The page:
Yoho National Park is one of the four national mountain parks that make up the Rocky Mountain Parks UNESCO World Heritage Site. The other mountain parks are Banff, Jasper and Kootenay. "Yoho" is derived from the Cree Language meaning awe and thatís just what this Canadian jewel is . . . awesome! The park is filled with spectacular scenery, including more than twenty snowcapped peaks reaching heights of over 3,000 meters (10,000 feet), azure green glacier lakes, cascading waterfalls, and energetic rushing rivers and streams. Yoho is also known for the vegetation and animal life is supports.
Situated in British Columbia on the western slopes of the Rockies, Yoho, like Banff and Jasper owes its origin to the railway. Little is known about the Yoho region prior to1858, when James Hector explored the area for the Palliser Expedition (formed to explore western Canada). The aboriginal inhabited this region some 2,500 years ago, but this evidence is limited. Surveyed in 1881 by Major A.B. Rogers, the railway selected Yoho as the route to link east and west, with the first train crossing Canada in the year 1886. Until 1909, when the Spiral Tunnels were built, Located on the east side of Field was a steep grade know as the Big Hill which created many problems and cost the railway money. Finally in 1909 the railway solved the Big Hill issue when they constructed the Spiral Tunnels. This region starting opening up to the public, when the CPR built lodges, created trails and offered guided mountaineering services to the tourists.
Mt. Stephen House in Field was the first rockies hotel built by the CPR and 16 square kilometres near the mountain were set aside and was originally called The Mount Stephen Reserve. More area was added including Yoho Valley and in the early 1900ís this region became known as Yoho Park Reserve, and a few years later it achieved National Park ranking. Yoho National Park today covers an area of approximately 1,300 square kilometres and by 1958 the Trans Canada Highway # 1 was completed, replacing the Kicking Horse Trail, making this area available to thousands and thousands of people.
Within the park boundaries is one of the most important fossil sites in the world, known as the Burgess Shale. This 530-million year old site is an ancient seabed and contains more than 120 different marine species that are perfectly preserved. The research being done today on these fossils is taking on a different approach to the early evolution of animal life. In 1981, the Burgess Shale became an UNESCO World Heritage Site. The area is well protected because in 1984 UNESCO proclaimed the four National Parks along with the bordering provincial parks as the Rocky Mountain World Heritage Parks. The Burgess Shale is a World Heritage Site, within a World Heritage Site.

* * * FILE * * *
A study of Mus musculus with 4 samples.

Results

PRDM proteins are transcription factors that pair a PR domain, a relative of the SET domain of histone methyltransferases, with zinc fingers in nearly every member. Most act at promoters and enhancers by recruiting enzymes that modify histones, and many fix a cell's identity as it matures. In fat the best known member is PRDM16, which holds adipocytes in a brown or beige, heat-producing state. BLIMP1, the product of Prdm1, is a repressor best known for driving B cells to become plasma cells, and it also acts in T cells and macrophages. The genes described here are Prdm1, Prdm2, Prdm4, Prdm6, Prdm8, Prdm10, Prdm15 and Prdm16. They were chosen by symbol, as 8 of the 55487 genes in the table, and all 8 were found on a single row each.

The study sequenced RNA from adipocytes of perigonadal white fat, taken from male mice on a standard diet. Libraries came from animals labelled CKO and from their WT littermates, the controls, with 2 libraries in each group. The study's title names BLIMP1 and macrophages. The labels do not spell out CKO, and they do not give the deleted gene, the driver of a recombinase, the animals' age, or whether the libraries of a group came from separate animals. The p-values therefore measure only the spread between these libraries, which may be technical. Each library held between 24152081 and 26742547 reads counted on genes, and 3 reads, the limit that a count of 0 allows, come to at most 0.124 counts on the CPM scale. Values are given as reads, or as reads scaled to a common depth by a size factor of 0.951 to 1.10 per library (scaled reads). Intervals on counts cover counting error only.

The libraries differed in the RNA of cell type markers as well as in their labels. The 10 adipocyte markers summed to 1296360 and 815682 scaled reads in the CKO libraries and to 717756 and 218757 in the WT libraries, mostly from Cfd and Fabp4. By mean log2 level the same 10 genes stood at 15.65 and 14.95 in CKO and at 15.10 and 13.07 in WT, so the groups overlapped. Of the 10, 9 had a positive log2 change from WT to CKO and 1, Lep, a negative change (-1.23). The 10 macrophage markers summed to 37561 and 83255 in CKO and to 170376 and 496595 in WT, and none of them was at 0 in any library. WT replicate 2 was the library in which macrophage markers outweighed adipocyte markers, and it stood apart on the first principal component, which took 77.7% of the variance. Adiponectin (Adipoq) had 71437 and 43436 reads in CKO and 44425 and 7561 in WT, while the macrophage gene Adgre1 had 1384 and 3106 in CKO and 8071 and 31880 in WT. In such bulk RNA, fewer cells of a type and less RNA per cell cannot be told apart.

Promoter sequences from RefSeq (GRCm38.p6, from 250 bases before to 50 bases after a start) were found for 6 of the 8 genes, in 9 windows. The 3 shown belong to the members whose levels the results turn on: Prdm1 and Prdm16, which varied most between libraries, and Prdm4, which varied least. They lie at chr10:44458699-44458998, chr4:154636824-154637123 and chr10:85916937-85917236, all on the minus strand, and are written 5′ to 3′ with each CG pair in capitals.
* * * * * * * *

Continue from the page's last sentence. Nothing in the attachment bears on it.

Hiking and backcountry trekking are very popular in Yoho National Park and there more than 400 kilometres (240 miles) of trails accessing the many remote regions. If you enjoy mountaineering and climbing you must have a permit to traverse the restricted areas and there are guides for hire to take you and your party into the high wilderness regions. Mountain biking is allowed on designated trails. Spectacular natural beauty abounds in Yoho National Park, where you might spot rare orchids, flowering alpine meadows, rushing streams and Takakkaw Falls, one of the highest waterfalls in Canada, free falling for more than 250 meters (800 feet).
Emerald Lake surrounded by towering mountains is a very popular tourist destination with lodge facilities. The lake basin and high mountains attract frequent rainstorms in the summer and heavy snow falls in winter. This moisture is the reason you will find typical BC wet interior forests and the many species of wildflowers around the lake area. Hiking, trail riding, canoeing and fishing are all popular activities at Emerald Lake.
Lake OíHara is a mountain retreat drawing visitors from all over the world. The rough peaks, the many lakes and alpine meadows keep the tourists coming. But you must have reservations in advance to stay overnight in the lodge, cabins or campground and to ride the bus. The road is not open to public vehicles or bikes, but you can hike in. Make sure you book your reservations well in advance.
Whether you come to Yoho National Park to enjoy the many outdoor recreational activities or you wish to only go sight seeing, it has everything to make your outings unforgettable. Yoho truly is awesome! The village of Field, BC (in the park) is where you will find the visitor service centre and information on Yoho National Park.